Editor’s Note: The Journal continues Stories from the Street II, a six-part series focusing on Sarnia’s homeless crisis, from journalist Cathy Dobson and photographer Glenn Ogilvie. Please join us each day this week to read about the unique circumstances of the men and women living rough in Sarnia.
“If you don’t mind your Ps and Qs – and respect other people’s opinions and wishes – you can, honestly, get killed.”
– Mykila Gallerno, mother of six, age 29.
Mykila Gallerno had a baby eight months ago while she was living on the street.
“It was rough being pregnant,” she says. “But I had him in the hospital and they treated me real well.”
Mykila is addicted to crystal meth but insists she temporarily stopped using while she was pregnant. Expecting a baby gave her the motivation she needed to quit, she says.
“I stopped, not for myself, but for my unborn child. That made it easy.” She talks about her eight-month-old son Matthew while waiting in line for a meal at the Inn of the Good Shepherd soup kitchen.
Her thick hair has soft purple highlights and is knotted in the back. One finger on her right hand is bandaged. It’s an injury from a car door that slammed when she was nearly caught stealing change to buy drugs, she says. She speaks clearly but often repeats her words. Sometimes she rapidly repeats full sentences two or three times.
At age 29, Mykila has five other children besides the baby. They are aged 13, 11, 7, 6 and 3.
She doesn’t talk about the five oldest ones but says little Matthew was taken in by a good friend from high school who always wanted children.
“I gave my son to her because I knew she’d give him an amazing life,” Mykila explains. “I go there and see him every day. We say I’m Auntie Kila.”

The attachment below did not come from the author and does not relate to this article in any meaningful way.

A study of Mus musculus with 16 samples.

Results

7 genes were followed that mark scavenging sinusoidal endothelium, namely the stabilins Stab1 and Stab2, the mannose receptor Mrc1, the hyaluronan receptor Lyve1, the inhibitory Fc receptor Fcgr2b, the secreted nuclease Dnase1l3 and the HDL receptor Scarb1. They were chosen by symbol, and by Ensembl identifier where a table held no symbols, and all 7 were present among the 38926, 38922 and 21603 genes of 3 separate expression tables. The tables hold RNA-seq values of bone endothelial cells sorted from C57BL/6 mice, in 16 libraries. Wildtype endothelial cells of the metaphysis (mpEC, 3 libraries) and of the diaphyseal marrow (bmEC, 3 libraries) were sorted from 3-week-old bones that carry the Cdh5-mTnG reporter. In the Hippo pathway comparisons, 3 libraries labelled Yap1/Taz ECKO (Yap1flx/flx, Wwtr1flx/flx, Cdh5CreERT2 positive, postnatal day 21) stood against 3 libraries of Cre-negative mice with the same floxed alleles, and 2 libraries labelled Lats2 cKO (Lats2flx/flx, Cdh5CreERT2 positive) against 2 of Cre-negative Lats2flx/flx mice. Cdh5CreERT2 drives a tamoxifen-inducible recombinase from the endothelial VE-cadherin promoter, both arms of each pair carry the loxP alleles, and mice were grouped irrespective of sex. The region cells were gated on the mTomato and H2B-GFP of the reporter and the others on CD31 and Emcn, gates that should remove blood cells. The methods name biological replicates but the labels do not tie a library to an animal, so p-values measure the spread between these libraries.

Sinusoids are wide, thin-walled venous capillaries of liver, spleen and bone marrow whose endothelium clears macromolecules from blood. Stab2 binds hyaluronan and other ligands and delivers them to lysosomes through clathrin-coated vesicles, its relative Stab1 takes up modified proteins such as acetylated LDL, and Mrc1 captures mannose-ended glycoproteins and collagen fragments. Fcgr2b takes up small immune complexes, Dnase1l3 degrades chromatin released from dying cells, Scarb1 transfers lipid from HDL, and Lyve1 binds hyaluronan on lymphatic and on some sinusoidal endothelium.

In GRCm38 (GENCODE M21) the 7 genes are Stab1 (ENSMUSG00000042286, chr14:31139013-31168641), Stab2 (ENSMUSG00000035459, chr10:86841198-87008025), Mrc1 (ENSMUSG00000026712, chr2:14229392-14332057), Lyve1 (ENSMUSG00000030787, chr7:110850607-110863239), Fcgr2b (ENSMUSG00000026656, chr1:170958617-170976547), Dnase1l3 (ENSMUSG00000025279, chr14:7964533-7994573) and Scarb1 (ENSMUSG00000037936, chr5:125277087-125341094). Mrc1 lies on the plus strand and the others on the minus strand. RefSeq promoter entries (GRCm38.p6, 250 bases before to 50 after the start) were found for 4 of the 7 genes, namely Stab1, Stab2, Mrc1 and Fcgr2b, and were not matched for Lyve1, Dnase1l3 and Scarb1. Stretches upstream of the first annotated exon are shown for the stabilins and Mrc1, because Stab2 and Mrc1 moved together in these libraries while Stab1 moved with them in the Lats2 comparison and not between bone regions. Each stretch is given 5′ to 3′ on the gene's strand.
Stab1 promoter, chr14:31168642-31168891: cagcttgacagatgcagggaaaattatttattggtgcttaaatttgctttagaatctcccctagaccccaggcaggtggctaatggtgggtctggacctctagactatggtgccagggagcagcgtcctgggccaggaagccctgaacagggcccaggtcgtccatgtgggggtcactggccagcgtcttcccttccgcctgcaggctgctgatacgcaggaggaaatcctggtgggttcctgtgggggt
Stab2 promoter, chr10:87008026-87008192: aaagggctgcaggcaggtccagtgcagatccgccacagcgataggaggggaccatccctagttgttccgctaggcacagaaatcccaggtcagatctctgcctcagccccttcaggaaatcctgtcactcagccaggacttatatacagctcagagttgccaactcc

Mykila, 29, was born and raised in Sarnia. She says she was living with a former boyfriend in a “beautiful” rent-to-own apartment but he became abusive.
“We broke up and I couldn’t afford the payments. Since then, I’ve been homeless. Sometimes I sleep on friends’ couches. Sometimes I sleep right here,” she says, motioning around the Inn’s parking lot.
She’s been homeless for two years and is banned from sleeping at The Good Shepherd’s Lodge because of drug use and assault charges.
“It’s not all bad on the street,” says Mykila. “We are really close, like family out here, in a way. But if you aren’t strong mentally and physically, you are going to get robbed.
“If you don’t mind your Ps and Qs – and respect other people’s opinions and wishes – you can, honestly, get killed.
“A very close friend of mine got killed actually. I don’t know what they did but they messed up and someone dealt with it.” She changes the subject.
“Having a tent makes it a lot better out here,” she says. “I had one and I took it to a friend’s house. Her house was ransacked while we came here for lunch and they robbed my tent.”
That was about two months ago.
She is hoping that somehow she’ll get another tent for the cold weather. But if she doesn’t, she’s got a backup plan.
“I always have a comforter and I cuddle underneath it,” she says. “If you’re that cold, you take hand sanitizer and you put it inside of a can. You use your lighter to set the hand sanitizer on fire and the flame keeps you warm at night.”
She learned that survival trick from a friend who was also sleeping rough.
Mykila says she badly wants to stop abusing drugs. But she has no support system; only willpower strengthened by the thought of seeing all her kids again.
“The fact that I have six children and I want to see them and have a relationship with them,” she says. “You can’t do that kind of stuff using drugs.”
Stories from the Street II continues Friday with Part 6.